Why does the Philadelphia Orchestra travel? Simply put, we leave our city's borders because there's something uniquely powerful about the music we make. As poet Henry Wadsworth Longfellow famously said, "Music is the universal language of mankind."

Our first trip, four days after our inaugural concert in 1900, was to Reading. Soon afterward, we began regular performances in Carnegie Hall, and then visits to numerous cities throughout the U.S., and later Canada.

After World War II, we became the first American orchestra to travel to Europe. Soon we began a series of tours and concerts that became key moments in cultural diplomacy, where we were able to use the enriching power of our music to bridge peoples and cultures after diplomatic dialogue had failed. From Russia to Japan, and most famously in China, the Philadelphia Orchestra has demonstrated a unique ability to communicate with its inspiring music.

Last year's tour of Asia is a case in point. Over three weeks, from Shanghai to Seoul to Mongolia, not only did the orchestra perform some of the gems of the Western classical repertoire; it also gave the world premiere of a new work by Chinese composer Da Jie, performed side-by-side with local orchestras, and presented chamber concerts and master classes across the region.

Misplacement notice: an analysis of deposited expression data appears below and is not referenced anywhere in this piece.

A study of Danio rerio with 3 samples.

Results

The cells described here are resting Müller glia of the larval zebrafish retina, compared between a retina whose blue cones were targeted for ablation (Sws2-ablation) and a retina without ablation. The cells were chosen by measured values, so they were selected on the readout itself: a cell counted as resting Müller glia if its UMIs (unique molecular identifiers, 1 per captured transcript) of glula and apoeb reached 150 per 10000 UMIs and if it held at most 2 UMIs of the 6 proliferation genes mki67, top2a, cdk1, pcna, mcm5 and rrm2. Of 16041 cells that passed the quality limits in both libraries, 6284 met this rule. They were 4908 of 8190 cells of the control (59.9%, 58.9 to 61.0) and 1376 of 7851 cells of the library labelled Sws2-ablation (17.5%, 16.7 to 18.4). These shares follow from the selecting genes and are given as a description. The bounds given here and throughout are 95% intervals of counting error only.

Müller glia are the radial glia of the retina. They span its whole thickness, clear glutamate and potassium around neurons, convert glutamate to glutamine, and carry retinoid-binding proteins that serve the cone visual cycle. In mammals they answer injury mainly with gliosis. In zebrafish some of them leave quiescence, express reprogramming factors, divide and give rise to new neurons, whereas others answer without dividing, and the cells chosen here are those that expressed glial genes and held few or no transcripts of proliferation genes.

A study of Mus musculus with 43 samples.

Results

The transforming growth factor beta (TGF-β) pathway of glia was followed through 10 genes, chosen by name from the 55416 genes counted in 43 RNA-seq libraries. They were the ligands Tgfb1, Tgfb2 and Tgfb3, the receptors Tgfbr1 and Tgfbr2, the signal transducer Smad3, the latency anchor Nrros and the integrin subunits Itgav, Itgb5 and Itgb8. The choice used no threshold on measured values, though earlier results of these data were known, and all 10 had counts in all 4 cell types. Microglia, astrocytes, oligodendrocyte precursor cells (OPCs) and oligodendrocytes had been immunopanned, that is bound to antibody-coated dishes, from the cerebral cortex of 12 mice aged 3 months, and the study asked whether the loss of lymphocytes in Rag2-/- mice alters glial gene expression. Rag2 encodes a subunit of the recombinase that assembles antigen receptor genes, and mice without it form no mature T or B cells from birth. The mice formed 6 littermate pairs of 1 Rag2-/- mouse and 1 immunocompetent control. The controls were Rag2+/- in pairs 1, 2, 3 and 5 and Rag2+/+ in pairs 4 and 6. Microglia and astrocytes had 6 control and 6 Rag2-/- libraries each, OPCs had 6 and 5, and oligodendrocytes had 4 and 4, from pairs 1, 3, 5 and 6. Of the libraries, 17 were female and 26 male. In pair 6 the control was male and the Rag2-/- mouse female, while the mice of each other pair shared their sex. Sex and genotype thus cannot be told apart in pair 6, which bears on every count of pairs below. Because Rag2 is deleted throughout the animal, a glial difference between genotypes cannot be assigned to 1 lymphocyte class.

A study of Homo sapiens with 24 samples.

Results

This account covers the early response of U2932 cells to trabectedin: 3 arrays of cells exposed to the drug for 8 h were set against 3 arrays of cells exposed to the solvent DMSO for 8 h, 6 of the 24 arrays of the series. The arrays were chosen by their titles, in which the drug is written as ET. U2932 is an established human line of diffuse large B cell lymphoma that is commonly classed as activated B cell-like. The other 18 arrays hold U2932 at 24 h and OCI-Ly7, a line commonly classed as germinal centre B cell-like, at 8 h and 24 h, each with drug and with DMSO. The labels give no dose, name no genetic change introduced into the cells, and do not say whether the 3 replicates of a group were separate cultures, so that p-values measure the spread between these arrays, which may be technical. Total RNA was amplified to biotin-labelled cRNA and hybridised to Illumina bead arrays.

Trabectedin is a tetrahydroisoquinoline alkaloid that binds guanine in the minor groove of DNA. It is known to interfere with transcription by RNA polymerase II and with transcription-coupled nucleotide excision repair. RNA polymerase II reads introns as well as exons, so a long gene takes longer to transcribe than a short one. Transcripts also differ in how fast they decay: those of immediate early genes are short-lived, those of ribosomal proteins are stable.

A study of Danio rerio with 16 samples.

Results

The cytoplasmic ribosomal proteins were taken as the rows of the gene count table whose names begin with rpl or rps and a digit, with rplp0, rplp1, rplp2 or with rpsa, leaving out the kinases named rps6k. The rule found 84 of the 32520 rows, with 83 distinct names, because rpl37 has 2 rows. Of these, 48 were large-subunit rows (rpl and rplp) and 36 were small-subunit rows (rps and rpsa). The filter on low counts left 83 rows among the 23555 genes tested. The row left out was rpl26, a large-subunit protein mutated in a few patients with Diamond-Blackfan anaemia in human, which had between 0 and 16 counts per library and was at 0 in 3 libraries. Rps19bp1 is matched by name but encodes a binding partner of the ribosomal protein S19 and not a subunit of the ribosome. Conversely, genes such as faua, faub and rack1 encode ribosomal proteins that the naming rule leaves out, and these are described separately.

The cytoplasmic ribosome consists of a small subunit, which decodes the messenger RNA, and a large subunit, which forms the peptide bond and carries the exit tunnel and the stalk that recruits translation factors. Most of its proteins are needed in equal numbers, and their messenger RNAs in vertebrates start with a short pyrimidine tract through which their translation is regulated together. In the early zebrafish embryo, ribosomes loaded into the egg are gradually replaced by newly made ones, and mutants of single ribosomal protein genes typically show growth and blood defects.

Only three major American orchestras have been to Israel since its founding. This tour is an important moment for its people. It is also an important moment for many Philadelphians, including the city's large Jewish community, which has invested meaningfully in Israel's success. They are excited to see us go there and communicate through music.

This visit came at the invitation of the private sector in Israel and is supported by the private sector in Philadelphia. The U.S. State Department, with which the orchestra works closely, has told us our appearances help bring people together on the path to a long-term peace process. That kind of cultural diplomacy is an integral part of our mission; it's about using music to communicate, where other dialogue cannot.


In the end, our concerts and residency activities on this visit to Israel are simply about the Philadelphia Orchestra bringing its magnificent artistry at the highest level to a culture and a community that loves classical music. In doing so, we hope to help heal by sharing our musical gifts with a part of the world that has known too much conflict.

Ryan Fleur is interim co-president of the Philadelphia Orchestra Association.